Thanksgiving and Christmas are just around the corner! Perhaps your family is already thinking about homemade decorations. How about taking up a new project — one that’s similar to origami, but a little more practical? Try napkin folding, suitable for children of a wide range of ages.
The beauty of napkin folding is that you don’t need anything fancy to get started. Whether you use cloth or paper napkins, there are a wide variety of designs that are sure to please the whole family. Some are available online — a good way to whet your appetite.
However, if napkin folding proves to be a favorite in your home, The Simple Art of Napkin Folding by Linda Hetzer may be a book to consider.
94 designs range from quick and easy to ornate and complex, sometimes even requiring two napkins to complete. There are also a number of fun shapes perfect for informal occasions, like airplanes and sailboats.
Equally interesting are the notes on the history of napkins scattered throughout the book. For example:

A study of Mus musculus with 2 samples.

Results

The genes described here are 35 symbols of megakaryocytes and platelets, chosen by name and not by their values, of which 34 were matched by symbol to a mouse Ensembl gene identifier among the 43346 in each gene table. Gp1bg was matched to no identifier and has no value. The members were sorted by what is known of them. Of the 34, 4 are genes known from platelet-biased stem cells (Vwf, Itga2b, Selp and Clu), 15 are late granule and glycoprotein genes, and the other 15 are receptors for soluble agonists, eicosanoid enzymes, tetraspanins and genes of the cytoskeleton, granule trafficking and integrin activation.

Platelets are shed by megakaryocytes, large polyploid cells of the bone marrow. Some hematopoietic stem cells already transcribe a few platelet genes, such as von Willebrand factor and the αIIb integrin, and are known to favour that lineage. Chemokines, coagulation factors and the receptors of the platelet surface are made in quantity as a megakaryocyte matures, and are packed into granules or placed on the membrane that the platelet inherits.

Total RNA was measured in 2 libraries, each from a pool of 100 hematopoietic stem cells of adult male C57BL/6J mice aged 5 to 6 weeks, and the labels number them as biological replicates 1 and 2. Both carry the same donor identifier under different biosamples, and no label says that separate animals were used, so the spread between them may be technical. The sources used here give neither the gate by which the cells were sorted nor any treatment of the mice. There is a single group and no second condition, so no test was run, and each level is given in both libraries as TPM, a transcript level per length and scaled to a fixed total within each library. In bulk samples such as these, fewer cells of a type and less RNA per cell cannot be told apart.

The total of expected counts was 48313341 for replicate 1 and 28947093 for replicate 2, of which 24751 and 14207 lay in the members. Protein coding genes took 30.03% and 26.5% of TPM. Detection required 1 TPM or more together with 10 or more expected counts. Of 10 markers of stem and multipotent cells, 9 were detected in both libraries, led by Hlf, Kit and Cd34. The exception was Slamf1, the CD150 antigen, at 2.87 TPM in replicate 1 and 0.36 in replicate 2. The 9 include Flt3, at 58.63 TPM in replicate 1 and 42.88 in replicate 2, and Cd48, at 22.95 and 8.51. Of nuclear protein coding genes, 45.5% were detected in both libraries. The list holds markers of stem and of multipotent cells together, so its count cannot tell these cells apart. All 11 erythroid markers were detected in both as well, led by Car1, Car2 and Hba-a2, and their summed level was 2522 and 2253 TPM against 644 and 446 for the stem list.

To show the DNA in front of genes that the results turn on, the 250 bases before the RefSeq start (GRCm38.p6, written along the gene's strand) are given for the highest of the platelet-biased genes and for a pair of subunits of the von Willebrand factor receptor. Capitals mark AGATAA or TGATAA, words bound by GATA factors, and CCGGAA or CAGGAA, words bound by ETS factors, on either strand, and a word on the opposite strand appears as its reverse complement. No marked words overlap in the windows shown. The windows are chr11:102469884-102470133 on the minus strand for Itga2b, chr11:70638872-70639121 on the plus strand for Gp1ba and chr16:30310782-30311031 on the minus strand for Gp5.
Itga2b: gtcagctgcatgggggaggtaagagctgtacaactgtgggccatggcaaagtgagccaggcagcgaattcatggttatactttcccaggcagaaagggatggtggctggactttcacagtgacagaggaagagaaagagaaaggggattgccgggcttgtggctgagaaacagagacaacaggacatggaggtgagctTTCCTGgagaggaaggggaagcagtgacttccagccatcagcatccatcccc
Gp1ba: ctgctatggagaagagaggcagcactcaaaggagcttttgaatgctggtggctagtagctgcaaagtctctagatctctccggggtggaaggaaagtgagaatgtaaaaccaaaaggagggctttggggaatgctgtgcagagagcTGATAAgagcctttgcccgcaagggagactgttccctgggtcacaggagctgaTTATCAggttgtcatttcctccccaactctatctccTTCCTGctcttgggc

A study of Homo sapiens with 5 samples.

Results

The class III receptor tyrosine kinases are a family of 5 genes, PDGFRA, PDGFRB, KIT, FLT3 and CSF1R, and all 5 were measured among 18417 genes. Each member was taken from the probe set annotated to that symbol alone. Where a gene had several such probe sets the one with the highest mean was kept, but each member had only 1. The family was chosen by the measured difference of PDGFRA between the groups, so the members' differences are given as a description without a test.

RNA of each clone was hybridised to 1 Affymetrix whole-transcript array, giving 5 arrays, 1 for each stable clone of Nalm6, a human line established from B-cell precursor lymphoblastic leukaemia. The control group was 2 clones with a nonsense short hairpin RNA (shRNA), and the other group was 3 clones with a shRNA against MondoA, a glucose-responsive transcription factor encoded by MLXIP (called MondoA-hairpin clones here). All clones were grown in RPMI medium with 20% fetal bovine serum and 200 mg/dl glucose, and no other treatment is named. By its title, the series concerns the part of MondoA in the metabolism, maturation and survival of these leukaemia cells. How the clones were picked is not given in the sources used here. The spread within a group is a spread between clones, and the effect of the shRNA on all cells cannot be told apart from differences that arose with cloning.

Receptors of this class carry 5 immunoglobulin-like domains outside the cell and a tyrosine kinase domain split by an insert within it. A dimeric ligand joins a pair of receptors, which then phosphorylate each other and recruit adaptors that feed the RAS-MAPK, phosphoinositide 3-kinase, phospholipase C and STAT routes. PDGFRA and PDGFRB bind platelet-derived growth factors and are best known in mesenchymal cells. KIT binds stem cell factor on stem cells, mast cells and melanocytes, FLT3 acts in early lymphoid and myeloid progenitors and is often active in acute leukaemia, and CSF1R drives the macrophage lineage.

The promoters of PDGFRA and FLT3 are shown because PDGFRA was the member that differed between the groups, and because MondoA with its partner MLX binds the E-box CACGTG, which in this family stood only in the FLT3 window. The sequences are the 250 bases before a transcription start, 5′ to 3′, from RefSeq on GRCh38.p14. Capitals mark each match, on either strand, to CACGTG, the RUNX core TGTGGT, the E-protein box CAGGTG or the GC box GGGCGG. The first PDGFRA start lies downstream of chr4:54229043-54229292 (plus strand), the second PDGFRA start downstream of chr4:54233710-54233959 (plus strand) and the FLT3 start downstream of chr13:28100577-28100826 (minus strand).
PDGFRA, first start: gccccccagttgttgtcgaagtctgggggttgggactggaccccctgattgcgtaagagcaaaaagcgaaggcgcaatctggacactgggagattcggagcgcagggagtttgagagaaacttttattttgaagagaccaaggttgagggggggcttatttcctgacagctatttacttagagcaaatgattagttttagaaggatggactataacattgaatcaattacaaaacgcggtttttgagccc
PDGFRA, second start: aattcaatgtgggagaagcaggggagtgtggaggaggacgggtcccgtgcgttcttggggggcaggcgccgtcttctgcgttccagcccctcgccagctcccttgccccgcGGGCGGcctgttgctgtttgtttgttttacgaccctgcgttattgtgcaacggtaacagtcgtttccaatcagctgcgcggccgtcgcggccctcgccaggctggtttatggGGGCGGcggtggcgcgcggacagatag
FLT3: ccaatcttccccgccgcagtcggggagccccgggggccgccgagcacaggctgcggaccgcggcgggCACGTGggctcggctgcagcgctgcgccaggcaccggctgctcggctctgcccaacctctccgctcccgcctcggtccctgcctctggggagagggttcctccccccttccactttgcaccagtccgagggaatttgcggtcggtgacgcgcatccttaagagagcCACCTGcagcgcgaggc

Linen for tablecloths and napkins is made from the flax plant, which, according to the earliest records in Europe, was first cultivated in Ireland. The most famous linen was made in Reims, France, until the Hundred Years’ War, which ended in 1443, totally destroyed its linen weaving industry. Flanders then became the center of the linen weaving trade.
The Simple Art of Napkin Folding by Linda Hetzer
Four different levels of complexity provide a design for everyone. The instructions are illustrated and easy to follow. Try the basic Bow Tie, for example.
- Fold the napkin in half diagonally to form a triangle.
- Place the folded edge at the top, then, starting at the bottom point, roll up the napkin.
- Tie a knot in the center of the completed roll.
Quick, simple, and attractive. What better way to decorate the table this holiday season? And when it’s time to sit down to Thanksgiving dinner, those busy little helpers will be glad they contributed.
How to Fold Dinner Napkins
24 different folds at BumbleBeeLinens.com.
How to Fold Napkins
Illustrated public domain work that shows 30 folds!